Since Hannaford Bros. introduced its Guiding Stars program in 2006, nutritional labeling guidance programs of various kinds have proliferated across the food retailing industry.
In fact, the past year has been a watershed for these programs. According to The Food Retailing Industry Speaks 2011, the FoodInstitute's annual industry survey, 48.5% of retailer respondents said they have implemented a nutritional labeling guidance program such as NuVal, Guiding Stars or their own proprietary system. That's almost twice as many respondents (26.2%) who said they used the programs in the 2010 report.
Along with retailers' programs, manufacturers are coming out this year with Nutrition Keys, the voluntary front-of-package labeling system designed by FMI and the Grocery Manufacturers Association to provide essential nutrition information.
And then there is the cornucopia of claims made on manufacturer packaging about the nutritional and health value of their products. Consumers could be forgiven if they felt somewhat bewildered if not skeptical about this cross-current of information.
The most objective source of nutritional information on individual products is the Nutrition Facts Panel on the back of packaging. But since these labels started appearing on foods and beverages in 1995, interest in reading them has diminished, according to research conducted by the NPD Group. Presented with the statement, “I frequently check labels to determine whether the foods I buy contain anything I'm trying to avoid,” 64% of consumer respondents tracked by NPD completely or mostly agreed with that statement in 1995, but since then agreement has ranged from a high of 61% to a low of 50%.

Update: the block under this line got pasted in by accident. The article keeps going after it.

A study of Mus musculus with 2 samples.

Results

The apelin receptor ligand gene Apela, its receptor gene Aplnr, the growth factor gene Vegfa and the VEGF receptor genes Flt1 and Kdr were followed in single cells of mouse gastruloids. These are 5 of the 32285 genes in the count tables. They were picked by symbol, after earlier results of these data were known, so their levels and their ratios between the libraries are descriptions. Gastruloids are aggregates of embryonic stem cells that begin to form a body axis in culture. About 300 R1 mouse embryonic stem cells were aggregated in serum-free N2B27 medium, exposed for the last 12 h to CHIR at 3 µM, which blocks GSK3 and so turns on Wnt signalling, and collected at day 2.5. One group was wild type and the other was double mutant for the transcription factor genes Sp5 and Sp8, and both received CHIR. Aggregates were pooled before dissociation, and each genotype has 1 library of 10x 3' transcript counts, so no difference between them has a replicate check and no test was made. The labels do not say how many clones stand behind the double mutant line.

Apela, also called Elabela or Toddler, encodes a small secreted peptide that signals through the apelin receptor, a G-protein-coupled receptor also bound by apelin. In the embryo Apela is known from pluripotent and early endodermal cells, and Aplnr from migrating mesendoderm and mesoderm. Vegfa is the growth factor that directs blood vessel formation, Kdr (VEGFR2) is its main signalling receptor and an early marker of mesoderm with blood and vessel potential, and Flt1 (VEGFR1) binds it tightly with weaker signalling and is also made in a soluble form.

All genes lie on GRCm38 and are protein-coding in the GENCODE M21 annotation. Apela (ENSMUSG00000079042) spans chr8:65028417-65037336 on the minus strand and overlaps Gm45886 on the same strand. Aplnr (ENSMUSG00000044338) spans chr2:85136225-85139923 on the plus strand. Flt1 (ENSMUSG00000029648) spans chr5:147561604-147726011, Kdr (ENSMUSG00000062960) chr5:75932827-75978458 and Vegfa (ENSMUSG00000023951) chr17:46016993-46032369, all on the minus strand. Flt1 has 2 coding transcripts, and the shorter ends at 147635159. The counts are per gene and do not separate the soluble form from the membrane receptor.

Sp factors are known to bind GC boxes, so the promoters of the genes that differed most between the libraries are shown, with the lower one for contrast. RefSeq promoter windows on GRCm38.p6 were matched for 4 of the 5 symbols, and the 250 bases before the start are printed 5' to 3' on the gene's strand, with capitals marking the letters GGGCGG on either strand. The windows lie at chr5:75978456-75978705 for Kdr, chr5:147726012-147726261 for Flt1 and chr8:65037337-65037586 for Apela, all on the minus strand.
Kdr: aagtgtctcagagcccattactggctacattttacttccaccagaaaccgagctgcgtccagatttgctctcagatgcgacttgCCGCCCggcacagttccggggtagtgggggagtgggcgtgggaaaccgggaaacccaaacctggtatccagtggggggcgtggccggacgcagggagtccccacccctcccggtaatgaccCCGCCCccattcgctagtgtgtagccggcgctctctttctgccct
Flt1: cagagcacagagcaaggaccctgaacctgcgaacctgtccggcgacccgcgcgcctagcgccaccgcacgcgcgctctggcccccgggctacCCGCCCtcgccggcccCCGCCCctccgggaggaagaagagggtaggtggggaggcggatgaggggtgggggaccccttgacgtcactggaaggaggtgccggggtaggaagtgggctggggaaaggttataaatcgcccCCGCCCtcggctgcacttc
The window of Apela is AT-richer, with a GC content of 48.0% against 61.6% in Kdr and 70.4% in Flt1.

Manufacturers and retailers have been trying to fill that informational void — and make the process of interpreting nutritional facts easier for consumers. Results from FMI's U.S. Grocery Shopper Trends 2011 report suggest that retailers' nutritional labeling programs are indeed making a difference: Two-thirds of consumer respondents said they use the programs either frequently or occasionally, and 7% said they use them each time they shop, to select healthier foods.
In addition, 43% said they absolutely make healthier choices now than before using the programs and 36% said they maybe make more healthful choices now.
These numbers suggest the power labeling programs can have. It's therefore vital for retailers to carefully vet them and select the one deemed most beneficial for public health. That's not necessarily a simple task since the programs vary in their approaches, and their pros and cons can be debated.
Most importantly, nutritional guidance programs need to be seen as educational tools — and not as marketing vehicles intended to improve sales more than health.
With the growing problems of obesity and diabetes, nutritional information programs, used wisely, offer retailers an opportunity to expand their traditional role and help consumers find the products that are nutritionally best for them.